When you live as a disabled person with a degenerative disease like I have, you have to come to terms with certain things. One such unfortunate reality is that I know that my life will be shorter than most. Now, that does not mean that I live life like I have an expiration date stamped on my foot. It just means that I am aware that I will not live to be 70, 80, or 90 years old. My body just will not hold up that long. You may think “Wow, that is a little depressing,” but I don’t see it that way. You don’t just measure life by how long it is, but also by how full it is. I would much rather live to be 50 living my life reaching for my goals and experiencing the world, than live to 75 sitting in a bubble waiting to die.
This mindset is why I focus on experiencing as many new things as I possibly can. It doesn’t matter what it is most of the time. If a new opportunity presents itself, chances are I am going to try it. I even have a living document known to those around me as, “The List.” In this document are all of the things that I would like to experience if at all possible. You are probably familiar with the term “bucket list,” but I don’t like that name, because it focuses on the wrong thing. My list has nothing to do with when I die, but more importantly, how I live. Anyone close to me will tell you, this list is long and contains anything and everything I can think of. Some of them are simple and straightforward, like going to Vegas and building a house, and others are a little stranger, like getting my ear pierced and shooting a gun.
One of the more recent items I have crossed off “The List” was to go on a cruise by myself. I wanted to plan my very own vacation and take it on my own, just like any other adult would do. I knew it would not be easy and would take a lot of careful planning, but it was something I had always wanted to do, so I thought that it was the right time to try. It took me about 18 months of planning the logistics and saving money for the tickets, but I made it happen. It was an amazing trip, just me and my nurse. I got to be at sea for 7 days, and I got to explore Jamaica and Mexico. The experience I got out of that trip is something I will have to cherish forever, and it gave me lots of great stories to tell to relive the moments again and again.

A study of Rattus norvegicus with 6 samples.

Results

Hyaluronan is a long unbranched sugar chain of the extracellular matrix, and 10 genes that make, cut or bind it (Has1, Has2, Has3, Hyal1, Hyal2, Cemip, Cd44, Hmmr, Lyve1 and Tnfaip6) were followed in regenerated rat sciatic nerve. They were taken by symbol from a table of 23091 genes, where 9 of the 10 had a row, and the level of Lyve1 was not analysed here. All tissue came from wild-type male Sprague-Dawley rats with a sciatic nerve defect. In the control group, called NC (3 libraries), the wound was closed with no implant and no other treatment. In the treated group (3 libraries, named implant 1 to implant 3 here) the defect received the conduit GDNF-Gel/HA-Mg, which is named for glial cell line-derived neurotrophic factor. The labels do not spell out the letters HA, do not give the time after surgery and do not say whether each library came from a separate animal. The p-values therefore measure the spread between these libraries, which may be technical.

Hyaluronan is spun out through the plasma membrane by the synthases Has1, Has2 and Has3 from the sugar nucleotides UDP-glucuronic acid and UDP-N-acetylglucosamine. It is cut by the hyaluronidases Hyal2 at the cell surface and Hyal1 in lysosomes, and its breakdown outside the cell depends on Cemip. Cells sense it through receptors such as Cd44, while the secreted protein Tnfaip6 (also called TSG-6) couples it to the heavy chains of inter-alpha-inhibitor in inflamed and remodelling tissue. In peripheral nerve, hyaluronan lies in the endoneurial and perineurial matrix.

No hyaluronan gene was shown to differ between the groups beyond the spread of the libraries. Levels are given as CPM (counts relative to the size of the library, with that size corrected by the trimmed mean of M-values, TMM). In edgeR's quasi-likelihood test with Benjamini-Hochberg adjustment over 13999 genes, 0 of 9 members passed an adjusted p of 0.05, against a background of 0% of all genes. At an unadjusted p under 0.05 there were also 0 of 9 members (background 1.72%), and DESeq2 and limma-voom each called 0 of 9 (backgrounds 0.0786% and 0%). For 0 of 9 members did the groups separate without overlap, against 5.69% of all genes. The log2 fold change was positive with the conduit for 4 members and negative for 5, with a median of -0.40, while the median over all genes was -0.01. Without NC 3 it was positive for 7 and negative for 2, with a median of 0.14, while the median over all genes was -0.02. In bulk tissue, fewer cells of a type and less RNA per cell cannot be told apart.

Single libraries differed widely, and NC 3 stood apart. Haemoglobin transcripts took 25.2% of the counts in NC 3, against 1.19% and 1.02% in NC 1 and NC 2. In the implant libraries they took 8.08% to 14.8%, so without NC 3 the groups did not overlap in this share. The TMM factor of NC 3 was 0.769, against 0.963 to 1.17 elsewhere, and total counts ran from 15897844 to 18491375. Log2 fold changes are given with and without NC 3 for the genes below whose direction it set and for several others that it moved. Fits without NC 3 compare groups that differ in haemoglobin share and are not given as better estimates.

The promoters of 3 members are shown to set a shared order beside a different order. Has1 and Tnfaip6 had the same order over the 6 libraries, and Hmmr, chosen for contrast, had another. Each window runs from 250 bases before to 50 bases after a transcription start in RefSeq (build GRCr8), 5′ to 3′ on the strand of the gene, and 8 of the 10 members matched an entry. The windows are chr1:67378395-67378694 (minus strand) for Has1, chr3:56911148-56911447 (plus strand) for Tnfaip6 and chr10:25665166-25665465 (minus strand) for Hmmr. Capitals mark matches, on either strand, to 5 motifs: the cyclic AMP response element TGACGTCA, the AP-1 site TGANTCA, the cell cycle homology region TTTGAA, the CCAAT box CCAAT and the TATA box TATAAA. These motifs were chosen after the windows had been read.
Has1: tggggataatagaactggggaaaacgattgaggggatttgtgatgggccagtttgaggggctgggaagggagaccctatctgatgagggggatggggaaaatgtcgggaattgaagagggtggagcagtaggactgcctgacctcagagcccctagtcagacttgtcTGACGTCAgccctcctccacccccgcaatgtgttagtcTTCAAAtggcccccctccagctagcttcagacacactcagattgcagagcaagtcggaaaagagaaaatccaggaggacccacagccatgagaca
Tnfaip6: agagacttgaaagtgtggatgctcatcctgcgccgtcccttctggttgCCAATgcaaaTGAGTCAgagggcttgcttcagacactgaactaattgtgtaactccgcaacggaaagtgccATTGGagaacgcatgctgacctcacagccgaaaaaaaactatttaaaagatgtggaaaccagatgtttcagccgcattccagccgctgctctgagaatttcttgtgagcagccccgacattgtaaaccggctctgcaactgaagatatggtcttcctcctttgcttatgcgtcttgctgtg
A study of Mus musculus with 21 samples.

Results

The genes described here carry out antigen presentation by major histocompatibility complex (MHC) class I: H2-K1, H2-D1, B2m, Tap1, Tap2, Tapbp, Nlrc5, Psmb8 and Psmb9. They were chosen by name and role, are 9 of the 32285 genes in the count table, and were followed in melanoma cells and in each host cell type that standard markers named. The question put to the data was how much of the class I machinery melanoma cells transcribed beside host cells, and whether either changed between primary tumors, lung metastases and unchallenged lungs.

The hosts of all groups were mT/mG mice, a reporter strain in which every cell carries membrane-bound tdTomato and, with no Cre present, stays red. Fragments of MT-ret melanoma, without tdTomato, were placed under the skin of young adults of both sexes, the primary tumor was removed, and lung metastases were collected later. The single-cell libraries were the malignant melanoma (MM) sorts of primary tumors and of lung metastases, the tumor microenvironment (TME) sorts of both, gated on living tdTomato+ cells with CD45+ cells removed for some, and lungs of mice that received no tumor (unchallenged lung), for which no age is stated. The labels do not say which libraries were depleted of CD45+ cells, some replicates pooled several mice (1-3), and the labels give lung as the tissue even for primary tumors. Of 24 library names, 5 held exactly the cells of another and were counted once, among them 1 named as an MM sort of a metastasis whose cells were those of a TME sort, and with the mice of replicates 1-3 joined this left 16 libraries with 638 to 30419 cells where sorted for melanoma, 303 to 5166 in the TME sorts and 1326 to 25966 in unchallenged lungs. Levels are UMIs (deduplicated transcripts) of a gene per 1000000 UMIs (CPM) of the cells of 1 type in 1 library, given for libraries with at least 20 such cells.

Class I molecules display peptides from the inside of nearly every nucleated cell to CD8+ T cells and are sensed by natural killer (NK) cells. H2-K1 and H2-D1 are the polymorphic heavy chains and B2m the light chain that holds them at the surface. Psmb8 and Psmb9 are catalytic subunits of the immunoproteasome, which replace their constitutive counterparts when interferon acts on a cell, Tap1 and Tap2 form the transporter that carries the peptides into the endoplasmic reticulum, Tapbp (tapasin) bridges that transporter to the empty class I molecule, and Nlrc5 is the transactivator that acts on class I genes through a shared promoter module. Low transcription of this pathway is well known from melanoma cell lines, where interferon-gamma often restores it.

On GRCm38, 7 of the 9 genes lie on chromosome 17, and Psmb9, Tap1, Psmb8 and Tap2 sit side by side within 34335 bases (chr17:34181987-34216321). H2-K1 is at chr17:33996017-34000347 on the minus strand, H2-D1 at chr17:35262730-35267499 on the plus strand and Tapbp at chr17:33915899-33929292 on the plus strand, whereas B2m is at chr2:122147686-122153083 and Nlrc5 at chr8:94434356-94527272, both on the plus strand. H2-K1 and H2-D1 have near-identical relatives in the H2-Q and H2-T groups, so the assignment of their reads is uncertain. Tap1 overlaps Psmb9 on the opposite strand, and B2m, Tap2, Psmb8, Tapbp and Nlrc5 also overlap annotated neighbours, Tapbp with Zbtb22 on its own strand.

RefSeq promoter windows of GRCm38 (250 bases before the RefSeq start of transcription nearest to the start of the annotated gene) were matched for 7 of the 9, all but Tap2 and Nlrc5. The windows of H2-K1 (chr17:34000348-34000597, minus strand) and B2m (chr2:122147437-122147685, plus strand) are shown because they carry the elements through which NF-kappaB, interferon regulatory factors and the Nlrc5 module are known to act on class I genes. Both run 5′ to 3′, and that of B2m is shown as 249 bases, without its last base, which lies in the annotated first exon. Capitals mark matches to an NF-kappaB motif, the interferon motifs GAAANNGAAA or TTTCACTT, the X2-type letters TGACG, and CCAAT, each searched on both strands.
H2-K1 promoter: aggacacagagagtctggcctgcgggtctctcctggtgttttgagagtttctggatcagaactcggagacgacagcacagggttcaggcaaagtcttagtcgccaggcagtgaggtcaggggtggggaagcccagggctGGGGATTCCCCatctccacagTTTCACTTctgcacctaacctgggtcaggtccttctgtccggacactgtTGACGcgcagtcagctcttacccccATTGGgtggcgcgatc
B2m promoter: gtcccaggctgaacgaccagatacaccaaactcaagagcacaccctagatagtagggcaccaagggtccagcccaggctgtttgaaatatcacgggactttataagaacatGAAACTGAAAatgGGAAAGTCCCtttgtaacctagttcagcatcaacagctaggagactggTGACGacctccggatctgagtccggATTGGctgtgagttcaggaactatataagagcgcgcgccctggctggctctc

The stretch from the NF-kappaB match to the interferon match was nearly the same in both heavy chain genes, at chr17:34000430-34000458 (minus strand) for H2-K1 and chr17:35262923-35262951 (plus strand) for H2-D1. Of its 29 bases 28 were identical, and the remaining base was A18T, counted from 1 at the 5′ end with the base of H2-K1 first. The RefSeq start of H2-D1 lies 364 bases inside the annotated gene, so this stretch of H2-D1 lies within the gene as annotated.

There are times, such as the cruise, when some people may think that some of the things I choose to experience are too much of a risk to my health. You may be right, but I do not want to get towards the end of my life and wish I had taken a certain risk or done something I was too afraid to do. Everyone has to find their own balance between having a full quality of life and a longer quantity of life. It is all about finding that balance. To help me visualize this, I often think of my life as a great big bulletin board, which gets bigger the longer I live, and all of the things I have experienced are tacked on to it. When the end draws near, and I am surrounded by my loved ones, I want to visualize that bulletin board being large so I can fit as much onto it as possible, but regardless of its size, it needs to be so full that things are tacked on top of each other, things are falling off, and even more things are waiting to be tacked on but there is no room. I would much rather have that board, than a board twice as big with cork showing through. It isn’t life if you don’t live it.
It is important that you find your own balance between experiencing life and being safe. You may feel like eating a rare blowfish that if cooked wrong could poison you is an awesome, new experience, but I would never do that. That doesn’t mean you shouldn’t though. It is just that our ideas of what a good quality of life and what a healthy balance are differ. We are seeing things through our own “lens”. So long as you get every single experience you can out of your life, that is what matters. On your deathbed, that is what you will care about. You will not be thinking about how many times the Earth went around the sun while you were alive. You will care about the people there with you, and the life story you chose to write.